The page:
Nukewatch Quarterly Fall 2020
By Elena Hight
As temperatures continue to rise across the globe, states like New Mexico and California are facing increasing strains on already stretched water supplies. Looking for new ways to meet water needs, some states have started researching other uses for the millions of gallons of wastewater generated by hydraulic fracturing.
Every year, the US oil and gas industry produces about 772 million gallons of this wastewater, which the industry calls “produced water.” Depending on the geological formations surrounding the fracking site, some of this wastewater contains significant levels of radioactive materials and other toxic metals, including lead, uranium, and radium among others. This toxic wastewater is often pumped back into the ground via “disposal” or “injection” wells, or placed in on-site evaporation or seepage pits. Some states have also started using the water in other ways: to drill more wells, to spray on icy roads, and to irrigate crops.
These other uses, along with the lack of research on the potential dangers of recycling contaminated water, have alarmed academics, environmentalists, and community members who have raised concerns over the unknown chemistry of the water, lack of data about the water’s treatability, and the potential risk to public health and the environment. Even in areas where the wastewater is less radioactive, spillages have resulted in serious environmental problems, including the contamination of food and livestock in areas around the spill.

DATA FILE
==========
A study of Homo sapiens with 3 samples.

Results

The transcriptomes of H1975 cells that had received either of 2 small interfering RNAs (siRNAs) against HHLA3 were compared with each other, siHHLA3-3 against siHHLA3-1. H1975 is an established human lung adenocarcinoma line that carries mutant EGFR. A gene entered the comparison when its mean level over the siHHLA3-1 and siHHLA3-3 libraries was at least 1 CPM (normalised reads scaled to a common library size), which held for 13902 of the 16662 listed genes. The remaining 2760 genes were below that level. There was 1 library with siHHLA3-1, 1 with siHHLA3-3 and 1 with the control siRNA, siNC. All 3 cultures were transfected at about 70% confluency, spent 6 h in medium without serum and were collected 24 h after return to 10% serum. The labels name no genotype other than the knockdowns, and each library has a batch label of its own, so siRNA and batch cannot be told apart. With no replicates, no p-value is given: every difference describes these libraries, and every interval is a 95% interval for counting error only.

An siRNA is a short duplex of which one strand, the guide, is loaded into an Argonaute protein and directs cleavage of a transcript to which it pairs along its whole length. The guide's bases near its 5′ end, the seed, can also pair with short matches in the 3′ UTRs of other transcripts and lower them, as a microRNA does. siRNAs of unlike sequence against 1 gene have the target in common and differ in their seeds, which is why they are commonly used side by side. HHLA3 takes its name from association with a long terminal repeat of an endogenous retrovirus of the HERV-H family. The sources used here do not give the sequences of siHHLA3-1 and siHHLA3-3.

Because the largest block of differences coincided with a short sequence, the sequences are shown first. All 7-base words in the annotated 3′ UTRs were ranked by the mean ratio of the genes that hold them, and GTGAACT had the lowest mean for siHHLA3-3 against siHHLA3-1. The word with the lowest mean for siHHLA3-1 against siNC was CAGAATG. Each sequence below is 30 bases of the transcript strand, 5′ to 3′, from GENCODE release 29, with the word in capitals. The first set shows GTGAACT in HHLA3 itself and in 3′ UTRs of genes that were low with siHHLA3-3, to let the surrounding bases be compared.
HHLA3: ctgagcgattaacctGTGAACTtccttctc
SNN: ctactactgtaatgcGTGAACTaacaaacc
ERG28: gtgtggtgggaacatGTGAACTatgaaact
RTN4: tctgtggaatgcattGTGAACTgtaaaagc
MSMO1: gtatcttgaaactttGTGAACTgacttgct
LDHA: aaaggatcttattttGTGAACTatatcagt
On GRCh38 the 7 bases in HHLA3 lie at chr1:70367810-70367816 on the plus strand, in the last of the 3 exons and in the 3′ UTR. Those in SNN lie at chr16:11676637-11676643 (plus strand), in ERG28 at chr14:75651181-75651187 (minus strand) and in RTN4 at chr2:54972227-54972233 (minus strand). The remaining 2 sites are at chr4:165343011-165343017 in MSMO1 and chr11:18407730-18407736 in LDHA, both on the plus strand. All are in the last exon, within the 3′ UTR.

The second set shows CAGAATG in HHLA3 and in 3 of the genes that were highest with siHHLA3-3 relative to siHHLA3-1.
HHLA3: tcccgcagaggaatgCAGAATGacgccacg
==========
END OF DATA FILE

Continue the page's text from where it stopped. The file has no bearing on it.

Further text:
Most recently, New Mexico’s Oil Conservation Division proposed new rules to the 2019 Produced Waters Act, that clarify the definition of produced water as well as the agency’s ability to regulate its use within the oil and gas industry. In response to the new rules, a coalition of environmental and indigenous groups wrote a letter strongly opposing the new rules, saying in part, “The Oil Conservation Division’s rules appear to set the stage for a more insidious plan to allow companies to dump their toxic waste into our environment.” Despite the opposition, the new rules were adopted, and New Mexico continues to pursue alternative uses for “produced water.” The state legislature has even given New Mexico State University a $100 million grant to study the treatment and reuses of the wastewater, including its use in agriculture.
Ultimately—while states may seek solutions for the disposal of fracking wastewater, which poses risks to food production, the environment, and people’s health—only a just transition to alternative energy and a ban on the use of fracking can safeguard communities from harm.
—Elena Hight is a PhD candidate in sociology at the University of Wisconsin.